The 1,000-Mile Great Lakes Adventures

Sunday, August 4, 2013


One of the components of my new adventure
[A 1000-Mile Great Lakes ISLAND Adventure]
is to explore and take part in research projects 
on Great Lakes islands.

In July, I had the privilege of assisting
 with the conservation of the endangered 

This diminutive shorebird has been dwindling in numbers due to loss of habitat and increased predation.

The majority of the Great Lakes population of piping plovers nests in the Sleeping Bear Dunes National Lakeshore.

This year there were nine nests on North Manitou Island
 and one on South Manitou. 

Male piping plover on South Manitou Island

I spent three days on South Manitou watching for the nesting pair there and their chicks.  

Then, I went to North Manitou Island to assist the naturalist Alice Van Zoeren in keeping track of the population there.

Dimmick's Point is closed during nesting season

Using the big scope to find

and identify the little birds

Naturalist, Alice Van Zoeren, near a nest exclosure

Since this bird is endangered, there is funding in place to help restore their numbers. One of the most effective tools researchers have is to identify the nest early and protect them from predators with an exclosure (called that because its function is to keep things out). Adult birds can get in and out to take care of the nests, but predators cannot get at the eggs. 

This intervention alone has increased the hatching success from ~30% to over 90%. Researchers will also take steps to collect any eggs that are abandoned and transport them to a biological station in Pellston -- run by the University of Michigan -- where eggs are incubated and chicks taken care of until they can be released into the wild again.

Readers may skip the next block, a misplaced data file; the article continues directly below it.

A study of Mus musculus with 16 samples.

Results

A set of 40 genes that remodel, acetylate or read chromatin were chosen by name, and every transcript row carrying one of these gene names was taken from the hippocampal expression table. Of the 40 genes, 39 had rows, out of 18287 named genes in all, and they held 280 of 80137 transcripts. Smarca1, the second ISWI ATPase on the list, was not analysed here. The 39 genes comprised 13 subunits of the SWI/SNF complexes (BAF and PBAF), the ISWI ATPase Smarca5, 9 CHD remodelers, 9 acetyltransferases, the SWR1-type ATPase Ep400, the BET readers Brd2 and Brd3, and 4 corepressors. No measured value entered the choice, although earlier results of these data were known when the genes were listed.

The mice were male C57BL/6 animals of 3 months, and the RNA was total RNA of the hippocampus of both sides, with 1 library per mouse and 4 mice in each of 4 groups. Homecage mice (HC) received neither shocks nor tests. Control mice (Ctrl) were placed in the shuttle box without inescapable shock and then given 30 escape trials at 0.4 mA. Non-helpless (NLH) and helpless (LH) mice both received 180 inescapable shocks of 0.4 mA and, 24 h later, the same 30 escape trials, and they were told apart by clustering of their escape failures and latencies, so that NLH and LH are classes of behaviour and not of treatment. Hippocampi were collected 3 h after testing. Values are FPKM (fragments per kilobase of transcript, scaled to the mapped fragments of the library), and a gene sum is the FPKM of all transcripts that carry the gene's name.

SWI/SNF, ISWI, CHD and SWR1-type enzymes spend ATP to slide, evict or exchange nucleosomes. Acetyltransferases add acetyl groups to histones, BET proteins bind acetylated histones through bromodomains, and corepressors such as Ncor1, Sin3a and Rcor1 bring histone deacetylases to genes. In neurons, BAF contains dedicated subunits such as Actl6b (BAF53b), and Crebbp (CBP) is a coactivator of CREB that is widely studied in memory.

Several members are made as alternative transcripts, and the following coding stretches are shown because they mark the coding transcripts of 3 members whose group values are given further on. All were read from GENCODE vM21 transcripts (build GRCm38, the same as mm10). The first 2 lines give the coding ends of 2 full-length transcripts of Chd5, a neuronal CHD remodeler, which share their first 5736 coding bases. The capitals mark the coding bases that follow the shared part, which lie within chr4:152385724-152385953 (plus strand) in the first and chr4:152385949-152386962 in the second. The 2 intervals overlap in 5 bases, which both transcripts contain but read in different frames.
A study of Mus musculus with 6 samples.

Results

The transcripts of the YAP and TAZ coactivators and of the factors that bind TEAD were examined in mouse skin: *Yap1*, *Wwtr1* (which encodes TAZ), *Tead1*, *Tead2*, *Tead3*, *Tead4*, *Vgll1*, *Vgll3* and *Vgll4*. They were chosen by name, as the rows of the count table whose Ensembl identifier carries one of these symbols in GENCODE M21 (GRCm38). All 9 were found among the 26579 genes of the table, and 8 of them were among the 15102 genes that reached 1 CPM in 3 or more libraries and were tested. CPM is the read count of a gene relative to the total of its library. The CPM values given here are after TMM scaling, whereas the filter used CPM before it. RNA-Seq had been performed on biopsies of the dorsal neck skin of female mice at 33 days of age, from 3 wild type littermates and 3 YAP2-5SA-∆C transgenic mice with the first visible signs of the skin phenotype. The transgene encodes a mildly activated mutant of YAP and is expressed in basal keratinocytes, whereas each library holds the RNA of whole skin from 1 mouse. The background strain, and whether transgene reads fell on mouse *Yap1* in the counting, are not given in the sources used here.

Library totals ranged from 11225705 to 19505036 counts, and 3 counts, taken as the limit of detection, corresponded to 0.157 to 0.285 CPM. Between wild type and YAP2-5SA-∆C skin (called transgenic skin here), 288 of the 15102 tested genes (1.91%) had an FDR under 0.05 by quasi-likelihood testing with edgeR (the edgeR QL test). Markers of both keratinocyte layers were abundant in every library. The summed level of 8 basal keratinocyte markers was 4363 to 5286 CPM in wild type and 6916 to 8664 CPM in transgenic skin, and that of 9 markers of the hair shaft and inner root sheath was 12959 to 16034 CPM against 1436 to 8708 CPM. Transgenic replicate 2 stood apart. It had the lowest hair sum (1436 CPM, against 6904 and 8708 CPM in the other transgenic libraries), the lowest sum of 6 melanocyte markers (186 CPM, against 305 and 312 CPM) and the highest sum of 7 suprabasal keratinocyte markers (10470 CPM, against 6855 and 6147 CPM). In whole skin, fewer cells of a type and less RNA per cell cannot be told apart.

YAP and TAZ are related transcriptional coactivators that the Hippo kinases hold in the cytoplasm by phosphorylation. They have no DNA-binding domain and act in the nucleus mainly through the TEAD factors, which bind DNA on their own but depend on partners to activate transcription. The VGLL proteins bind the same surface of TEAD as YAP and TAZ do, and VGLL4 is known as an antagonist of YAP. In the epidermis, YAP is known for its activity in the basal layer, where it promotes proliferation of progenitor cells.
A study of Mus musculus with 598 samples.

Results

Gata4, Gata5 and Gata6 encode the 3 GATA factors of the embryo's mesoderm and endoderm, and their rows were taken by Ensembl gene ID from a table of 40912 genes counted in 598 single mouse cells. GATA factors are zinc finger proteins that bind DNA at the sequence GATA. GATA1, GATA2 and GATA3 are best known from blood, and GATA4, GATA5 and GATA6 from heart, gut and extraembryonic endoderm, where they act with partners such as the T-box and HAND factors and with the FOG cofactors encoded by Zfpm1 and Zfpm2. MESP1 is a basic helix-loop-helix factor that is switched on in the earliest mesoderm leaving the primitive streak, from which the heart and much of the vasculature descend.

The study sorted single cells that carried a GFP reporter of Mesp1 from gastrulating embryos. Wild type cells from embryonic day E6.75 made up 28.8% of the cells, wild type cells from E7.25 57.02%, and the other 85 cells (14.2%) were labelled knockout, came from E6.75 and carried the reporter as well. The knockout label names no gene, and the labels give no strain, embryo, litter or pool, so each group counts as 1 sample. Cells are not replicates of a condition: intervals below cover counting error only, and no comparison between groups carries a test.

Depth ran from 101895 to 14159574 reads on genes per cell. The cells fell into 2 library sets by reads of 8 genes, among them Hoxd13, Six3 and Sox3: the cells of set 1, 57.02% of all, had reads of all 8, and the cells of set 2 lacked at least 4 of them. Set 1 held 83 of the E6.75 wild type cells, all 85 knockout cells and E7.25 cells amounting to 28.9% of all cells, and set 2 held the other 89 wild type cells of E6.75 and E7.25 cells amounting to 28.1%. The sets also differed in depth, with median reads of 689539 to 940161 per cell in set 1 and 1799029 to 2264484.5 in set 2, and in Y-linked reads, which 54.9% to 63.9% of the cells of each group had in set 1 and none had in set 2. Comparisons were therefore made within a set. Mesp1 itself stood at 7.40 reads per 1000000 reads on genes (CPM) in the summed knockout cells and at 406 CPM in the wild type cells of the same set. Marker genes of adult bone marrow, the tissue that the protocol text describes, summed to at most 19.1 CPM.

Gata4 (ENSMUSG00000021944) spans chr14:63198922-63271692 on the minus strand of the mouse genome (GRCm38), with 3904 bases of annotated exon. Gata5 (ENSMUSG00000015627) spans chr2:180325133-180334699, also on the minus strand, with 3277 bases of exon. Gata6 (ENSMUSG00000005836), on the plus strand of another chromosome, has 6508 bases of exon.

This is a piping plover nest (no eggs)

Dimmick's Point on North Manitou Island

Watching over the piping plovers was fascinating, difficult work.
The full story of my island adventures will be in my next book:

There are three birds in this shot. Can you find them all?


  1. Wonderful work! I wonder if I've seen these birds. I was a Sleeping Bear last summer...I don't think I saw any. But are there other birds that look similar in the region?

  2. These birds are pretty distinctive, but can blend in easily with their surroundings. They will also stay away from people if they can. There were several nests on the mainland this year along the Sleeping Bear Dunes National Lakeshore, one was quite near the Maritime Museum.

    Be watchful as you walk the beach and I'm sure you'll see them at some point. The chirping they make is like the sound of a bell. Their Latin name, Charadrius melodus, is in part from this melodious call.